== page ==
Let’s March ! | Class 10th English | Question answer |

Read the passage and answer the following question.



My dear children of the world ... Your Majesties, Your Royal Highnesses, Excellencies, distinguished members of the Norwegian Nobel Committee, dear brother Tom Harkin, brothers and sisters, and my dear daughter Malala. From this podium of peace and humanity, I am deeply honoured to recite a mantra from the ancient texts of wisdom, Vedas. This mantra carries a prayer, an aspiration and a resolve that has the potential to liberate humanity from all man-made crises. Let’s walk together. In the pursuit of global progress, not a single person should be left out or left behind in any corner of the world, from East to West, from South to North.
Let’s speak together, let our minds come together! Learning from the experiences of our ancestors, letus together create knowledge for all that benefits all. I bow to my late parents, to my motherland
India, and to the mother earth. With a warm heart I recall how thousands of times, I have been liberated, each time I have freed a child from slavery. In the first smile of freedom on their beautiful faces, I see the Gods smiling. unable to do that. Because, I am representing here - the sound of silence. The cry of innocence. And, the face of invisibility. I represent millions of those children who are left behind and that’s why I have kept an empty chair here as a reminder. I have come here only to share the voices and dreams of our children -because they are all our children - [gesture to everyone in the audience]. I have looked into their frightened and exhausted eyes. I have held their injured bodies and felt their broken spirits. Twenty years ago, in the foothills of the Himalayas, I met a small, skinny child labourer. He asked me: “Is the world so poor that it cannot give me a toy and a book, instead of forcing me to take a gun or a tool?” I met with a Sudanese child-soldier. He was kidnapped by an extremist militia. As his first training lesson, he was forced to kill his friends and family. He asked me: “What is my fault?” Friends, all the great religions teach us to care for our children. Jesus said: “Let the children come to me; do not hinder them, for the kingdom of God belongs to them.” The Holy Quran says: “Kill not your children because of poverty.” Friends! There is no greater violence than to deny the dreams of our children. Therefore ... I refuse to accept that all the temples and mosques and churches and prayer houses have no place for the dreams of our children.
I refuse to accept that the world is so poor, when just one week of global military expenditure can bring all the children to classrooms. I refuse to accept that all the laws and constitutions, police and judges are unable to protect our children.
I refuse to accept that the shackles of slavery
can ever be stronger than the quest for freedom. I REFUSE TO ACCEPT here.
I give the biggest credit of this honour to my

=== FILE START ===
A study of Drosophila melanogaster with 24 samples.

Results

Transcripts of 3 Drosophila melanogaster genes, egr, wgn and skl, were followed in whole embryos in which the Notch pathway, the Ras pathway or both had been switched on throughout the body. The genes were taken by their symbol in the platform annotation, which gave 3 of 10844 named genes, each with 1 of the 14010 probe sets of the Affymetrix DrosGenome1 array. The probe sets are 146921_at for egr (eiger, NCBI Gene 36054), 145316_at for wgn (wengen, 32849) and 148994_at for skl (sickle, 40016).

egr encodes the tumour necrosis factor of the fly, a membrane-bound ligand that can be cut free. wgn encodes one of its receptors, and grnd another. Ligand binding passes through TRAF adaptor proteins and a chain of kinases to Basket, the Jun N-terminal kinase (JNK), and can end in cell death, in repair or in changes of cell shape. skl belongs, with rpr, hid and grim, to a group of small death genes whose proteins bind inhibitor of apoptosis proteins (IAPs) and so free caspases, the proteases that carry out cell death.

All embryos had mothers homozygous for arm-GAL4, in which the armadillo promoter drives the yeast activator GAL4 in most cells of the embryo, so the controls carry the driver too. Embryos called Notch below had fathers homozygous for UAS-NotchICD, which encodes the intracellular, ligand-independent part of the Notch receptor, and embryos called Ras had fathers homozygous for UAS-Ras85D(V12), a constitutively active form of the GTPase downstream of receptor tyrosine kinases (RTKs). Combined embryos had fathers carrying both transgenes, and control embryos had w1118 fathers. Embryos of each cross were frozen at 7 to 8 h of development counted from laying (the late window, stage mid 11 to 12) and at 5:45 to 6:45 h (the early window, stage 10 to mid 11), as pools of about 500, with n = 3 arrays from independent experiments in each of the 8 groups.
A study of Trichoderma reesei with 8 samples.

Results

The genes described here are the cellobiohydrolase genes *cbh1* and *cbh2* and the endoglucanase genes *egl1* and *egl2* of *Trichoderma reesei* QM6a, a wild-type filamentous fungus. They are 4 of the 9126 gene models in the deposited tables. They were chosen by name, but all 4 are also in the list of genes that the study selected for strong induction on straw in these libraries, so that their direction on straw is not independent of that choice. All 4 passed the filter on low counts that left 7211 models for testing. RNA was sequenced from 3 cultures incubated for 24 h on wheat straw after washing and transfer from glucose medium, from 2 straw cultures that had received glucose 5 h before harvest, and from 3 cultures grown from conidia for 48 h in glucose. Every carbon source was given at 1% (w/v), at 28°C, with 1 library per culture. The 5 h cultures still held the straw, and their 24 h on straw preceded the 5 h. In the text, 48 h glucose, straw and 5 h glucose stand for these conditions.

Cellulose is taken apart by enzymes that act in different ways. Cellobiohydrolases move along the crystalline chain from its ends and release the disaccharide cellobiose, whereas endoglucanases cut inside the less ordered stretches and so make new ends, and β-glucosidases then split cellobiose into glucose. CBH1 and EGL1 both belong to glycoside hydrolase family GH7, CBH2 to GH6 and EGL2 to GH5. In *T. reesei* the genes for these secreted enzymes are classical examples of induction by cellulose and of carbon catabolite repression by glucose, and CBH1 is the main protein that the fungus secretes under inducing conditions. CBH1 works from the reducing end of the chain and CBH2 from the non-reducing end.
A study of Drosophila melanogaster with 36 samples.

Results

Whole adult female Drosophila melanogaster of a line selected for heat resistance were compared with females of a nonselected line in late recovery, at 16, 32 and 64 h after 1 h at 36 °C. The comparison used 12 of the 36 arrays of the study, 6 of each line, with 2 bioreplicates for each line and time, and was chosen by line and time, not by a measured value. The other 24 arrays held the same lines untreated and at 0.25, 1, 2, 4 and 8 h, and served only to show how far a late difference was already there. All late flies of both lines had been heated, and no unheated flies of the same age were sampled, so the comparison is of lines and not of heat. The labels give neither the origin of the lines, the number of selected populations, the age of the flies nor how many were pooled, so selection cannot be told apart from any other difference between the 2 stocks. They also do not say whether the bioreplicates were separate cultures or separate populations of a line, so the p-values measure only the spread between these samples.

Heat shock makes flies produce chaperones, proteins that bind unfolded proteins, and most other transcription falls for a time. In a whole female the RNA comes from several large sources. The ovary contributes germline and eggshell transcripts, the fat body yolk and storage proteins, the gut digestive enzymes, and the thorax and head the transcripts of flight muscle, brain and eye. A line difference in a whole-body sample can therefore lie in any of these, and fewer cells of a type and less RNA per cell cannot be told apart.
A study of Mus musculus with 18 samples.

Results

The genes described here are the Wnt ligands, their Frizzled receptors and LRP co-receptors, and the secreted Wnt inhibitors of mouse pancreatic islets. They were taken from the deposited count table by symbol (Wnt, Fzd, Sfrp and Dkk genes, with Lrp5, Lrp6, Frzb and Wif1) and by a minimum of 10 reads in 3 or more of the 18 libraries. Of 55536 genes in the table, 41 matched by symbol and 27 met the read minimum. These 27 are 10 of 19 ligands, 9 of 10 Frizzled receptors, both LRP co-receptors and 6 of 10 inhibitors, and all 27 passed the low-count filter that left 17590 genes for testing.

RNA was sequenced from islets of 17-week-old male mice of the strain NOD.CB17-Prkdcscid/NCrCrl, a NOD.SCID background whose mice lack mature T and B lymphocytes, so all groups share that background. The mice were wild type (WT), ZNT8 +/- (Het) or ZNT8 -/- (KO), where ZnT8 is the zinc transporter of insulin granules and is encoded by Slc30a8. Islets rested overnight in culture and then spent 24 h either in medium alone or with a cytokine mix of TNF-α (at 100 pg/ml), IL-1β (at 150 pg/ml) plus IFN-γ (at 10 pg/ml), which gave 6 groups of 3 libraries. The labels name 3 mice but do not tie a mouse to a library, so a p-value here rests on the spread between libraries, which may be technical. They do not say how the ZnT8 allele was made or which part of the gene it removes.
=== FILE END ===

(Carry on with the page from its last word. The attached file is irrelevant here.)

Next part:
movement’s Kaalu Kumar, Dhoom Das and Adarsh Kishore from India and Iqbal Masih from Pakistan who made the supreme sacrifice for protecting the freedom and dignity of children. I humbly accept this award on behalf of all such martyrs, my fellow activists across the world and my countrymen.
My journey from the great land of Lord Buddha,
Guru Nanak and Mahatma Gandhi; India to Norway is a connect between the two centres of global peace and brotherhood, ancient and modern.
Friends, the Nobel Committee has generously
invited me to present a “lecture.” Respectfully, I amunable to do that. Because, I am representing here
- the sound of silence. The cry of innocence. And, the face of invisibility. I represent millions of those children who are left behind and that’s why I have kept an empty chair here as a reminder.
 I have come here only to share the voices and
dreams of our children - because they are all our children - [gesture to everyone in the audience]. I have looked into their frightened and exhausted eyes. I have held their injured bodies and felt their broken spirits. Twenty years ago, in the foothills of the Himalayas, I met a small, skinny child labourer. He asked me: “Is the world so poor that it cannot give me a toy and a book, instead of forcing me to take a gun or a tool?”
I met with a Sudanese child-soldier. He was
kidnapped by an extremist militia. As his first training lesson, he was forced to kill his friends and family.
He asked me: “What is my fault?”
Friends, all the great religions teach us to care
for our children. Jesus said: “Let the children come to me; do not hinder them, for the kingdom of God belongs to them.” The Holy Quran says: “Kill not your children because of poverty.”
Friends! There is no greater violence than to
deny the dreams of our children. Therefore ... I refuse to accept that all the temples and mosques and churches and prayer houses have no place for the dreams of our children.
I refuse to accept that the world is so poor, when just one week of global military expenditure can bring all the children to classrooms. I refuse to accept that all the laws and constitutions, police and judges are unable to protect our children.
I refuse to accept that the shackles of slavery
can ever be stronger than the quest for freedom. I REFUSE TO ACCEPT here.